In March 2014, I attended a UX Design Workshop taught by Sheba Najmi, former UX Designer at Yahoo, and hosted by the Cal Design Lab and College of Environmental Design at UC Berkeley. During the course, we built a product from start to finish in a small team. Our process is outlined below, along with some pictures of our samples:
- Affinity mapping to brainstorm ideas for a product
- Create a persona of a typical user who would interact with our product (“Wendy”)
- Create a storyboard of their interaction with the product
- Build a paper prototype of the product
- Conduct usability tests with the paper prototype
- Construct a high-fidelity wireframe poster with modals for class presentation
Our product is a website and search service called closet-it. Closet-it keeps track of the items you manual enter that you currently own (“Have”), along with making suggestions based on what others purchased along with that same item (“Need”), and items you may have seen on other sites and favorited (“Likes”). With a very simple interface, these three categories are tabs that can be selected from the main page, and each category will contain icons of the articles of clothing that can be selected. Once selected, closet-it will make suggestions of pairings to that one item based on items already in the ‘have’ and ‘need’ categories. More details can be seen below in our paper prototyping.
From our affinity mapping and brainstorming ideas, we estimated that the average user was a young woman, just graduated from college, and she has two problems: she can’t remember what she already has, and she can’t keep track of what she needs to complete outfits. We created a persona, Wendy, who has an upcoming job interview, and uses our product to meet her need of creating the perfect outfit and getting hired. Here is an example of our story board below:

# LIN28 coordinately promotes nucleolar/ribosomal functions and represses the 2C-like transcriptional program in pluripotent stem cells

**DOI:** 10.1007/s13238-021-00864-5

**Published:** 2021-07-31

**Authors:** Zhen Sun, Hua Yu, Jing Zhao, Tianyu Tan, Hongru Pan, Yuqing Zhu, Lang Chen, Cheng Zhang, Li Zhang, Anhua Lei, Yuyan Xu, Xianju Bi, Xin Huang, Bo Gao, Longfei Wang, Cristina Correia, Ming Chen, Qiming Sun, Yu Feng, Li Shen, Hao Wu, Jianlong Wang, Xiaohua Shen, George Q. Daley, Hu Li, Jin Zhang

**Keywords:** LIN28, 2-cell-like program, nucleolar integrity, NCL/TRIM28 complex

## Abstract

Here are examples from our paper prototype, along with sample questions from user testing:
For our final group presentation, we created a high-fidelity wireframe poster, taking into account color selection and user interface. The website would continuously scroll, with a gradient near the bottom signaling to the user to keep scrolling for more options. If the user selected an item, the item would appear on the left, alongside the current item the user already has, and a modal would appear with information about the item and an option to ‘favorite’ or ‘buy’ the item.